Colorado Water Conservation Board

January 29, 2015--Hickenlooper: Water usage not storage will solve Colorado's shortfall (Denver Post)

The population growth in Colorado and other western states cannot continue unless water supply challenges are met, Gov. John Hickenlooper and state planners said Thursday in opening the Colorado Water Congress annual conference.


January 27, 2015--Flower gardens, homegrown veggies and green grass? (Norwood Post)

Many who live in Norwood probably cannot imagine having a lawn or garden, let alone having access to large amounts of water — raw water, water full of nutrients, ideal for irrigation.


January 15, 2015--Senate panel OKs water conservation measure (Grand Junction Sentinel)

Although the bill doesn’t actually mandate anything, Republicans on a Senate committee Wednesday voted against it, in part, because they feared it might.


Draft Colorado Water Plan Complete!

Rising demand from population growth and industry, if continued through 2050, threatens to leave 2.5 million people in Colorado with a water supply shortfall. Unless solutions are found to meet the gap between water demand and supply, the result could be, among others, agricultural dry-up. Therefore, and in response, in May 2013 Governor Hickenlooper ordered the development of a first-ever Colorado Water Plan. In mid-November the Colorado Water Conservation Board (CWCB) sent the Governor a draft of this plan that aims to shape the future of the resource in the state. The plan, which took a year-and-a-half to craft, was a monumental and unprecedented effort that involved the work of hundreds of individuals and organizations throughout Colorado. It is generally agreed that a variety of methods will need to be included in the Plan to meet the water supply needs of the state—conservation, development of already Identified Projects and Processes (IPP’s), agricultural “buy and dry,” and development of “new supply” projects. Taken together, these are referred to as the ‘four legs of the stool.’

CWCB Meeting (Broomfield, CO)

03/18/2015 8:30 am
03/19/2015 5:00 pm

The Colorado Water Conservation Board (CWCB) will be meeting in the Broomfield, CO area (location TBD). The meeting is two full days and there is a call-in option. For more information contact them direct at (303) 866-3441or visit their website at www.cwcb.state.co.us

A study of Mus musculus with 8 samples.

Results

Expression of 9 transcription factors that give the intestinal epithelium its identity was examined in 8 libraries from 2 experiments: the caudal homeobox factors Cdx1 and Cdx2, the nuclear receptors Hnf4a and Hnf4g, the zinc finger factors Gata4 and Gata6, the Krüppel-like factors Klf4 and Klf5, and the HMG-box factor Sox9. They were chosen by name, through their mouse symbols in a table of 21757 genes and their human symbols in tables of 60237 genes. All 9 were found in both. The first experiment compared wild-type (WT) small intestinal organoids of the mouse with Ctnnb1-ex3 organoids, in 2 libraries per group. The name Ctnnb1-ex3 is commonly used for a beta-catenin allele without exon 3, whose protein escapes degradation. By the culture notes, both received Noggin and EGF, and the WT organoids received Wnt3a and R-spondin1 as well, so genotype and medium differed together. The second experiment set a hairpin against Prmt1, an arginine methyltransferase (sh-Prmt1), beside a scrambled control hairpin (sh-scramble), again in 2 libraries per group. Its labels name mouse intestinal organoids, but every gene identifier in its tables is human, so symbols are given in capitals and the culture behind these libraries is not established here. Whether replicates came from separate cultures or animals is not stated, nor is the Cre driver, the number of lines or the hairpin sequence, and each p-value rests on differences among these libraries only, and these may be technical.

CWCB Meeting (Denver, CO)

01/26/2015 8:30 am
01/27/2015 5:00 pm

The Colorado Water Conservation Board (CWCB) will be meeting at the Denver Tech Center. The meeting is two full days and there is a call-in option. For more information contact them direct at (303) 866-3441or visit their website at www.cwcb.state.co.us


December 26, 2014--Colorado Water Plan delivered, key dilemmas remain (Grand Junction Sentinel)

Colorado lurched one more step towards resolving how to satisfy growing demands for water with stable-to-diminishing supplies when Governor Hickenlooper received the first complete draft of a statewide water plan on Dec. 10.


December 21, 2014--Water talks regard a new transmountain diversion in Colorado (Aspen Journal)

A draft seven-point framework that lays out conditions for a potential new transmountain diversion in Colorado was explained Thursday in Grand Junction to the members of four Western Slope water-planning roundtables.


December 20, 2014--Can a Water Plan Actually Work? (Denver Magazine)

On a bright Friday morning in September, James Eklund, executive director of the Colorado Water Conservation Board, is dressed in a gray suit and a pink shirt to deliver his pitch to the men and women of the Public Affairs Council of the Denver Metro Chamber of Commerce, across town from his office.


December 13, 2014--Colorado's Water Plan is a big step forward (Denver Post)

No single issue will have a more direct impact on Colorado's future than our ability to successfully and collaboratively manage our life-giving water. Water pumps the beating heart of Colorado's sublime appeal. It provides for thriving agriculture, the green hue of our forests, farmfields and, yes, even lawns.